New La Joya superintendent gives hard truth for district’s future

dfwnewsa | March 1, 2024 | 0 | East Texas News , South Texas News

New La Joya superintendent gives hard truth for district’s future

LA JOYA — On the same night where La Joya Superintendent Marcey Sorensen had her contract approved, she gave an eye-opening presentation regarding the school district’s financial decisions over the last four years, which revealed a $19.5 million budget deficit.

“She said she would show transparency and today she delivered,” Brenda Lee Salinas, president of the La Joya American Federation of Teachers, said after the meeting on Wednesday. “It is an eye-opener for not only our school employees but for all the stakeholders as well as our community to know where the district is at right now.”


Getting approved for a contract from 2024 to 2029 with a base annual salary of $325,000 plus benefits featuring paid business expenses, automobile expenses and more, Sorensen gave a presentation regarding the Elementary and Secondary School Emergency Relief Fund (ESSER) in La Joya and how it was spent in the last four years.

La Joya ISD was granted a total of $228.4 million with the objectives of the funds to go toward decreasing the district operating budget, lowering full-time equivalent (FTE) position expenses, and increasing the fund balance.

Before the ESSER funds, the district was facing a $15.4 million budget deficit. Fast forward to 2024, the district is projected to have a $19.5 million deficit.

“I want to say this publicly … this is not a one-year fix,” she said. “Please don’t expect it to be a one-year fix.”

The school district has spent around $183 million with five months of remaining expenditures. Some of the expenses in that total were $33.3 million for learning loss, $33.3 million for operations, $39 million for the central office and $11.9 million for indirect costs.

Sorensen said during the meeting that the district started off with 51 FTEs in the first year of ESSER with the main objective being to take positions from the general fund balance and put them on ESSER but at the same time reducing those positions.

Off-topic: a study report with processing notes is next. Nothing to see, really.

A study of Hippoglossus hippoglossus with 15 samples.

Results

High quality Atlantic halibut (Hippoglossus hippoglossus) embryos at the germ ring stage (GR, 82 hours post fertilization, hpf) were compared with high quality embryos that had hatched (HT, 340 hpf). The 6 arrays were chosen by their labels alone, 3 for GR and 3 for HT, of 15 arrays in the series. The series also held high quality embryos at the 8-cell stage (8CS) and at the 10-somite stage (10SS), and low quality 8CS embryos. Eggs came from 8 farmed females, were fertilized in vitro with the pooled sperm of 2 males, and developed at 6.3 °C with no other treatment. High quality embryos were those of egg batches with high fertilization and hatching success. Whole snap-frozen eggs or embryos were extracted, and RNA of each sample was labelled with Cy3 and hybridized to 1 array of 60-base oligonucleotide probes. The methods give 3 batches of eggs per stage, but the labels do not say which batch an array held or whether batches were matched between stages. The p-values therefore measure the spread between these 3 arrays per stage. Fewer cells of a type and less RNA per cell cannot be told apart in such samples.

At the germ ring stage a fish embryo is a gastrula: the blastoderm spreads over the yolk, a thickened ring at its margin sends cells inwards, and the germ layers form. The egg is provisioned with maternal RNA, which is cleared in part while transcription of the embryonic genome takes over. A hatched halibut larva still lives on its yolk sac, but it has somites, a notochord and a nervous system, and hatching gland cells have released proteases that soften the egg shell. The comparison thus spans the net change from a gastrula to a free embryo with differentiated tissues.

Entering the final year of ESSER funds this school year, there were 556 positions on ESSER.

“The plan to reduce staffing so that we were building up the fund balance over the three years of ESSER did not occur,” she said.

Newly TEA appointment La Joya Superintendent Marcey Sorensen speaks to the media at her first conference Thursday, Feb. 1, 2024, at the La Joya ISD Administration Building. (Omar Zapata | The Monitor)

Some of the 556 positions included 227 for custodial, 131 for auxiliary, 45 for health and 91 for police.


“Ninety-one police officers is larger than some municipalities around us,” Sorensen said.

The presentation included a recent Texas Association of School Boards study, which found La Joya ISD is overstaffed by as much as 300-plus employees, exceeding $20 million.

The district reported around 454 more employees than the state average and 625 more than peer district average when adjusted for enrollment.

Presenting a graph of La Joya ISD enrollment and average daily attendance (ADA) decreasing since 2014, Sorensen said the district increased staff while losing enrollment and ADA.

“I think we’ve made clear here that we do have to, you know, do an analysis of positions as a whole,” she said after the meeting. “And when that comes up, we’ll be transparent and honest and clearly communicate where we have to right-size. So (layoffs) are not off the table.”

On one of the last presentation slides, Sorensen detailed the immediate actions the district will be taking to begin working on the issues.

The immediate actions include revisiting budgeting practices for schools, central office and schools that signal sound financial practices, re-emphasizing evidence-based instructional practices, conducting an audit of all purchasing and HR processes, and placing a soft hiring freeze.

“Under the umbrella of all of this, the main question is what is best for kids,” Sorensen asked. “What is best for our teachers, what is best for our principals and what is going to produce the best outcomes for our schools?”